It was just a normal day for Charles Fritts, an American inventor, on the rooftop of the building where he worked. Fritts’ inventions were not extraordinary where he made clockwork mechanisms and mechanical devices. But one day, using selenium and two thin metal sheets, Fritts created the first selenium-based solar cell that made the world sit up and notice. The year was 1883.

But there was one problem. Fritts, who hoped that his solar cells might compete with Thomas Edison’s coal-fired plants, could only achieve 1% efficiency, meaning only 1% of sunlight was converted into electricity.

Fast forward to today, solar power plants, by natural justice, are a necessary alternative to coal-fired plants. It has taken nearly 140 years for the efficiency of commercial solar cells to reach just over 22% since Fritts’ rooftop invention.

But this hasn’t deterred countries from making use of as much solar energy as they can. This is where floating solar plants — where solar photovoltaic panels are installed on water bodies such as lakes and ponds — come in.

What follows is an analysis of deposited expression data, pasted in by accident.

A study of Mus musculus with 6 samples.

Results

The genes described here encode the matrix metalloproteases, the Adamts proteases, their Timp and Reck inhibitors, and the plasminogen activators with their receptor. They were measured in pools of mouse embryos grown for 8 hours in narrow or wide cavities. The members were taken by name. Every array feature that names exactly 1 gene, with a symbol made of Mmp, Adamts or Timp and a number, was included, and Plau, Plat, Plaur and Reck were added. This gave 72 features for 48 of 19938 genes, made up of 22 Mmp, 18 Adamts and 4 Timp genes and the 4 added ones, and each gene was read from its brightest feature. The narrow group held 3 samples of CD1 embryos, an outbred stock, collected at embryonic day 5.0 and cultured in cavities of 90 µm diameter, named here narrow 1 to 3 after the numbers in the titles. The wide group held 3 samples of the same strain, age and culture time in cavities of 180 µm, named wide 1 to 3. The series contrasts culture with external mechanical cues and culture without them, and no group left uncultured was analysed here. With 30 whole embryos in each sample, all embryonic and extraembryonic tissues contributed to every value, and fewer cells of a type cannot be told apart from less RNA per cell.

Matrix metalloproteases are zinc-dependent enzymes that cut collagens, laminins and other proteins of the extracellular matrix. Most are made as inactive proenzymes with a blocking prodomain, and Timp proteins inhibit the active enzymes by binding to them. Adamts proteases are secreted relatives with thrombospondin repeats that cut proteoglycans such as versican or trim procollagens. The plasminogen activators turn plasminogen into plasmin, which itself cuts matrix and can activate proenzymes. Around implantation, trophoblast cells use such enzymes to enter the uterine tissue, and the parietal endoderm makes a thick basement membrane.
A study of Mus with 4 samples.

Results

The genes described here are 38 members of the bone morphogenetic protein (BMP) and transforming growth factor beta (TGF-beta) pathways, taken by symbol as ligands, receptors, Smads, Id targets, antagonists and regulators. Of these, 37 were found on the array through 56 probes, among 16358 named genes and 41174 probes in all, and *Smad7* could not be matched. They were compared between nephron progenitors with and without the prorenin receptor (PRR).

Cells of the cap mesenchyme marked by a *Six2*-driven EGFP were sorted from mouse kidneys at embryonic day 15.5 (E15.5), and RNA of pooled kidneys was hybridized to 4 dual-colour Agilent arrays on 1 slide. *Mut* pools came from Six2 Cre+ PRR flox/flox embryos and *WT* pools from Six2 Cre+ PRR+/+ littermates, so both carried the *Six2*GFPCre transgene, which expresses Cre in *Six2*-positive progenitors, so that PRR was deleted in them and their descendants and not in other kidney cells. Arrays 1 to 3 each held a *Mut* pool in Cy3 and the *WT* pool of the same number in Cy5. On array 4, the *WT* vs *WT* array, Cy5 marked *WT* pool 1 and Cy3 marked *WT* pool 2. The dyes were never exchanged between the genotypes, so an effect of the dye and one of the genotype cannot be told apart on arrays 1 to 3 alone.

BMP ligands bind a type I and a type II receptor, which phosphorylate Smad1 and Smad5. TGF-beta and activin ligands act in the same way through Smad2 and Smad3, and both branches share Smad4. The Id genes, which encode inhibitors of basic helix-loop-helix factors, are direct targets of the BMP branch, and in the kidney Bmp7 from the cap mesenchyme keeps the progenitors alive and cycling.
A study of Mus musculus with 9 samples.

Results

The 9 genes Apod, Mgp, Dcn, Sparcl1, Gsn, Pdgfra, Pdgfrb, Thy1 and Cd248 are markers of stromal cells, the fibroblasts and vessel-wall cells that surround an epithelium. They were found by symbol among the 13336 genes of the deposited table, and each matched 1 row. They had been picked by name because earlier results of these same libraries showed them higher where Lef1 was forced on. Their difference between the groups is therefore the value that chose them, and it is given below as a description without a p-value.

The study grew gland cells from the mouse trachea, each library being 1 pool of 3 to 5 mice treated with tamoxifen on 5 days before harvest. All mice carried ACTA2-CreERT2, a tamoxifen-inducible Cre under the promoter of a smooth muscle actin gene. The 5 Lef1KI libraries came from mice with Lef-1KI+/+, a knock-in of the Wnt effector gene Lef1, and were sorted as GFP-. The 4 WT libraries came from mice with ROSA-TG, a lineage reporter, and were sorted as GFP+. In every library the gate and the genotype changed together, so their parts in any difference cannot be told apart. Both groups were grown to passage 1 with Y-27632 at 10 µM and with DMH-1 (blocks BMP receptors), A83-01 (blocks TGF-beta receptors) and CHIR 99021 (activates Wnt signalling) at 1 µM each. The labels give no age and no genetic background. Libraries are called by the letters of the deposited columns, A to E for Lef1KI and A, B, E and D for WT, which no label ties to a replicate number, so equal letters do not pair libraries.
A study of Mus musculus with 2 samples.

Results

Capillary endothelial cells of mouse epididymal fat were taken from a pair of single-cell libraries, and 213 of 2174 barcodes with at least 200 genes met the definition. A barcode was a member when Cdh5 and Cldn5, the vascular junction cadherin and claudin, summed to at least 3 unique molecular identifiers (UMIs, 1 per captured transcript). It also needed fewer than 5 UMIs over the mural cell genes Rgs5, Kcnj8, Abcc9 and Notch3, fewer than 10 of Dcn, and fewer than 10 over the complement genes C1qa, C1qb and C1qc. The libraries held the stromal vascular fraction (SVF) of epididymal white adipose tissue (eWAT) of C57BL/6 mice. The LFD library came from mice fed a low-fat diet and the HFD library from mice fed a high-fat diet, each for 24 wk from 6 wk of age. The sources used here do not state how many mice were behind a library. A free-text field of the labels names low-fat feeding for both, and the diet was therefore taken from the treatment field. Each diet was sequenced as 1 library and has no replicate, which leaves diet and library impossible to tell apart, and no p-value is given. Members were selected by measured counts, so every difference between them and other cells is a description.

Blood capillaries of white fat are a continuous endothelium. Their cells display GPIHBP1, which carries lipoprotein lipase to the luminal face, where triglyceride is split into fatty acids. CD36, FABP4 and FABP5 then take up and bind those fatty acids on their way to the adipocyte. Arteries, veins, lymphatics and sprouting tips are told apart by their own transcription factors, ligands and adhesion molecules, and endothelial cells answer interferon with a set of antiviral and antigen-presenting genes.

Shift to renewable sources of energy is perhaps among one of the last cards that the world can play to battle climate change. To become a net-zero emissions country, India has set a steep solar-energy generation target of 300GW by 2030. The immediate target is to reach 100GW of solar power by 2022. Floating solar plants were never part of India’s plans. But the benefits of such plants are becoming clearer. To meet ambitious emission-cut targets, India must get hold of any possible opportunity. Floating solar plants is one such opportunity.